Karlovy Vary Festival Winners: ‘Summer With Hope’ Wins Grand Prix


The social drama revolves around a young swimming champion whose close bond with his trainer sparks disapproval from people around them.


KVIFF’s Grand Prix comes with a $25,000 cash prize to be shared equally between the director and producer.  Kiarash Anvari of Toronto-based First Generation Films is the lead producer on the film.

This year’s Crystal Globe competition jury comprised Argentinian film producer Benjamin Domenech, German filmmaker Jan-Ole Gerster, Polish distributor and festival organiser Roman Gutek, international sales agent and producer Fiorella Moretti and Danish film editor and screenwriter Molly Malene Stensgaard.

In other main competition awards, the $15,000 Special Jury Prize went to Spanish director Jonás Trueba’s You Have To Come And See It, following two couples in their thirties as they discuss the essentials of life between Madrid and the neighbouring countryside.

Czech director Beata Parkanová and actor Martin Finger won best director and best actor respectively for Word. Set against the backdrop of the events surrounding the Russian invasion of the Czech Republic in 1968, Finger plays a respected small-town notary and family man who comes under pressure to join the local branch of the Communist Party against his wishes.

The Best Actress Award was shared by Taki Mumladze and Mariam Khundadze for their performances in Georgian director Ioseb “Soso” Bliadze’s female emancipation drama A Room Of My Own.

Czech director Štěpán FOK Vodrážka’s PSH Neverending Story, about three legendary rappers on the cusp of middle age, clinched the audience award.

This year marked the inaugural edition of KVIFF’s new Proxima competition. Czech directorial duo Adela Komrzy and Tomas Bojar won the top $15,000 Proxima Grand Prix.

The Proxima jury comprised Filipino producer Bianca Balbuena, Icelandic documentarist Yrsa Roca Fannberg, Czech music journalist, filmmaker and writer Pavel Klusák, US distributor Michael Rosenberg and Ukrainian film director Myroslav Slaboshpytskiy.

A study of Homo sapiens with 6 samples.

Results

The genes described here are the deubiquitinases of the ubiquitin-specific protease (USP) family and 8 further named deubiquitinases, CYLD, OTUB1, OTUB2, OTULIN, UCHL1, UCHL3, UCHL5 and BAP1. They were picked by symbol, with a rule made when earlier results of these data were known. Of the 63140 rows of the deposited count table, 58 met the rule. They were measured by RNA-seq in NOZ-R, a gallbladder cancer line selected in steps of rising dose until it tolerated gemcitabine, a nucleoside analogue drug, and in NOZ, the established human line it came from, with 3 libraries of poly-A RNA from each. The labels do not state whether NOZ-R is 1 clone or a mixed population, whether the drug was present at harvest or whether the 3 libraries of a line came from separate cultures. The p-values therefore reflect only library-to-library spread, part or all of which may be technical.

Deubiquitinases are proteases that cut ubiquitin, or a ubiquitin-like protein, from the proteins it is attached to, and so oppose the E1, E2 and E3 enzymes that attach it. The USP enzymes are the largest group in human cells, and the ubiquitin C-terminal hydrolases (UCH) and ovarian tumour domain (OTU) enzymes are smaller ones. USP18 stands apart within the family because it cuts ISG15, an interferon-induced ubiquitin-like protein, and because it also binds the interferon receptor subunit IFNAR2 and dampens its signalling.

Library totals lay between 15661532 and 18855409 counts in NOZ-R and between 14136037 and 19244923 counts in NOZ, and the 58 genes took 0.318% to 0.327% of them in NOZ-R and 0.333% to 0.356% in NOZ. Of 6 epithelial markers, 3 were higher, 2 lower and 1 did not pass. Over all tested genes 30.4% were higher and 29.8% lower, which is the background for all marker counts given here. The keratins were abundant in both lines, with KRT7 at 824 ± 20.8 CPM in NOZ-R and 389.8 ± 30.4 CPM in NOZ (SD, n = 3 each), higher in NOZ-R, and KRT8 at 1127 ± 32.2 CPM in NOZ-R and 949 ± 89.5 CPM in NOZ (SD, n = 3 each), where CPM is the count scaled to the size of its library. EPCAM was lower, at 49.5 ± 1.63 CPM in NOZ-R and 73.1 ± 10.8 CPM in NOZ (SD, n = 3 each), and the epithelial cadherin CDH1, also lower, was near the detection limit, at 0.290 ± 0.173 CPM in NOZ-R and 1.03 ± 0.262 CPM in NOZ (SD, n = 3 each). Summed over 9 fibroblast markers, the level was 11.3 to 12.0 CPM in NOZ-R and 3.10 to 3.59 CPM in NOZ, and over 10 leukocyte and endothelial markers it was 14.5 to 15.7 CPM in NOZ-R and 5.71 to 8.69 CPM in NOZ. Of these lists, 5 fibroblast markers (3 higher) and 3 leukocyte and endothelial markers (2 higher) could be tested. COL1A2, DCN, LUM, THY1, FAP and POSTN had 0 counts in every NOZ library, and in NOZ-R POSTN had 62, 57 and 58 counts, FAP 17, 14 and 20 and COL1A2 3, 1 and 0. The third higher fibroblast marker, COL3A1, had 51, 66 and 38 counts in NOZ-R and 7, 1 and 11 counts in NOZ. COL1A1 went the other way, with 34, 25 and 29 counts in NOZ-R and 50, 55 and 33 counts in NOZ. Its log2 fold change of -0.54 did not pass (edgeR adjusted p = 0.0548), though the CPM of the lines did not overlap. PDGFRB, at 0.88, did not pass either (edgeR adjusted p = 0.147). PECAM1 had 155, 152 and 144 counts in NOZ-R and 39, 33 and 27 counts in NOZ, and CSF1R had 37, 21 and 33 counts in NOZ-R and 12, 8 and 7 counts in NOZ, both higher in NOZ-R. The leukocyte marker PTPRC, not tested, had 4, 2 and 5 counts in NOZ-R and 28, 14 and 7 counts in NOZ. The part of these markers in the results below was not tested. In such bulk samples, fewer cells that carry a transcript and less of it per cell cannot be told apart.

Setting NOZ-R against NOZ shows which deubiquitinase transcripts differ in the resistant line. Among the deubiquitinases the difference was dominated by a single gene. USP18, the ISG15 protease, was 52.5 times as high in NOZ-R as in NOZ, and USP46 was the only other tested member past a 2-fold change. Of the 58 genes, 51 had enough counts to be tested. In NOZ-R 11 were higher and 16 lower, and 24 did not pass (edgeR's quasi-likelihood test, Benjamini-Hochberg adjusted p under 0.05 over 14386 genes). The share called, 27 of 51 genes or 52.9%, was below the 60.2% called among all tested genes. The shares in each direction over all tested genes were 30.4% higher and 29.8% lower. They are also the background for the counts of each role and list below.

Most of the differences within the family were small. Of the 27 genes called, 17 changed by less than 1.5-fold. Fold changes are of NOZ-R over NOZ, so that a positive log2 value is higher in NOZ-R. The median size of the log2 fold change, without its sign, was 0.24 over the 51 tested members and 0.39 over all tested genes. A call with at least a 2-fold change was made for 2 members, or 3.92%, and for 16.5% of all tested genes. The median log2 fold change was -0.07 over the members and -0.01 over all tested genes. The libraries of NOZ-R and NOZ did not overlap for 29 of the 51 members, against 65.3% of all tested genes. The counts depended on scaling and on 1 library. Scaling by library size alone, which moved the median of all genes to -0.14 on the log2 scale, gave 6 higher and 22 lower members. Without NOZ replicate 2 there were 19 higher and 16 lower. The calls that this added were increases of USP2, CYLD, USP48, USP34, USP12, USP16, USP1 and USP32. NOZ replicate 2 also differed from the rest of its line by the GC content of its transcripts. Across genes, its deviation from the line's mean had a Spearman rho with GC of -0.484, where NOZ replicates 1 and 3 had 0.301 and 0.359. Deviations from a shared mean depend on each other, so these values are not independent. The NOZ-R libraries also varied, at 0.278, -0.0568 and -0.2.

In other Proxima prizes, Spanish actor and director Eduardo Casanova won the $10,000 Special Jury Prize for La Pietà and The Uncle by Croatian directors David Kapac and Andrija Mardesic was feted with a Special Jury Mention.

A trio of honorary awards were also presented at KVIFF’s closing ceremony.

Australian actor Geoffrey Rush was feted with a Crystal Globe For Outstanding Artistic Contribution To World Cinema, Puerto Rican actor Benicio del Toro, with the Festival President’s Award, and veteran Czech actor Boleslav Polivka with the Festival President’s Award For Contribution To Czech Cinematography.

In collateral prizes, the Bulgarian feature documentary A Provincial Hospital won the Ecumenical Jury Award and Polish director Anna Kazejak’s camping holiday comedy-drama Fucking Bornholm clinched the Europa Cinema Label Award.

The Fipresci best film awards in the Crystal and Proxima competitions went to Polish director Tomasz Winski’s Borders Of Love and Czech observational documentary Art Talent Show respectively.

This was the first full-scale edition of KVIFF since the beginning of the Covid-19 pandemic in 2020. The event showcased 170 short and feature-length films in total and welcomed 10,592 accredited guests.